Treasury Practice


Published: Sep 2007

The Standardised Corporate Environment (SCORE) is the newest access model for corporates from messaging network SWIFT. It is intended as the next evolutionary step on from the previous access model, the Member-Administered Closed User Group (MA-CUG). After a three-month trial with companies including Microsoft and GE, SCORE went live in January 2007. Since then 30 banks and 15 corporates have joined the service.


In the past, corporates and non-financial institutions have had limited access to the SWIFT network. MA-CUGs were introduced by SWIFT in 2001 and allowed corporates to communicate securely with their banks over SWIFTNet. However, adoption levels were affected by the fact that corporates needed to join each of their bank’s MA-CUGs – one MA-CUG for each bank communicated with. This proved time-consuming and costly.

The introduction of SCORE is a progression from MA-CUGs, bringing more advantages for corporates and their banks. SCORE allows corporates to communicate with all SWIFT member banks through a connection to a single closed user group. This reduces the connectivity costs formerly associated with MA-CUGs. As communications between corporates and their banks become more streamlined, liquidity management can also be improved due to the fact information from transactions with several banks can be received quickly and viewed in a standardised format, helping corporates assess their liquidity more effectively.


SCORE offers corporates access to a number of services including SWIFTNet FIN, SWIFT’s messaging service with message validation to ensure messages are properly formatted. FileAct, the file transfer system, is also available under the new access model and can be used in real-time or store and forward mode. Under SCORE, FileAct is able to support transfer payments data in bulk in non-SWIFT formats. However, the services provided to corporates remain the responsibility of each bank – so a service provided by one bank may not be provided by another.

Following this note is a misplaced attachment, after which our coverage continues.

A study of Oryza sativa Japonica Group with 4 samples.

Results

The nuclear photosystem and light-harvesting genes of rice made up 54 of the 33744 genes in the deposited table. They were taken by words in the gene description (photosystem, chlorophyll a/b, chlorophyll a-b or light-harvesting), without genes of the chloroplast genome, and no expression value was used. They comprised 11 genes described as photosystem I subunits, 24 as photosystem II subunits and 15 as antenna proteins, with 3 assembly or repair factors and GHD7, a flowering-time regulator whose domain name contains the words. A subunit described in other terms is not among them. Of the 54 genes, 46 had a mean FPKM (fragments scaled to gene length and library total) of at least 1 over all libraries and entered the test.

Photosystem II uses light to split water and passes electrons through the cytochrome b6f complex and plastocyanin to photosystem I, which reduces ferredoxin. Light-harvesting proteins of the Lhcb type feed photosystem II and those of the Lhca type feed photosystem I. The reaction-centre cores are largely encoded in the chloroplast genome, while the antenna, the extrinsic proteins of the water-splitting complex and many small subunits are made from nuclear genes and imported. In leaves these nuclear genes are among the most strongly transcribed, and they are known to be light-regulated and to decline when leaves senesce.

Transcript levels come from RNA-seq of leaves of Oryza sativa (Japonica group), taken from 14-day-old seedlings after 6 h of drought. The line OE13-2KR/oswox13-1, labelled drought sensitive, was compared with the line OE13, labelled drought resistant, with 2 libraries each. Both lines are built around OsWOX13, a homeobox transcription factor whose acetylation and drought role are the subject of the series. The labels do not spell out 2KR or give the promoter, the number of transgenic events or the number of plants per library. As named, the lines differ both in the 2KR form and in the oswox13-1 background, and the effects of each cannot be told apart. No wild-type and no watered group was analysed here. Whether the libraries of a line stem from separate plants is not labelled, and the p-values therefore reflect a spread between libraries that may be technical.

SWIFT regulations state that companies hoping to sign up to SCORE must be listed on a regulated stock exchange in a Financial Action Task Force (FATF) country. The stipulation of membership to the FATF, an inter-government organisation which develops and promotes international legislation to combat money laundering and terrorist financing, is to help SCORE maintain a high level of security. However, the exclusion of privately held companies not listed on a regulated stock exchange lowers the numbers of corporates who are eligible.

Corporates will also have to consider hardware and software costs for connection to SWIFT’s SCORE network. Costs arise from subscription fees and data volume charges for FileAct and transactional volume charges for FIN messaging. SCORE may prove more beneficial to larger companies with high messaging and transactions volumes. Companies with more modest volumes will have to weigh up the costs and the benefits of joining.

As more corporates join SWIFT, the number of available services will increase. However, corporate–tocorporate and bank-to-bank communications will remain prohibited.


SWIFT has come a long way in allowing corporate access. MA-CUGs went some way towards addressing the problem and SCORE goes further still. However, SWIFT continues to approach the question of corporate access with caution, and the restrictions imposed on corporates wishing to join SCORE are likely to remain in place for a while longer.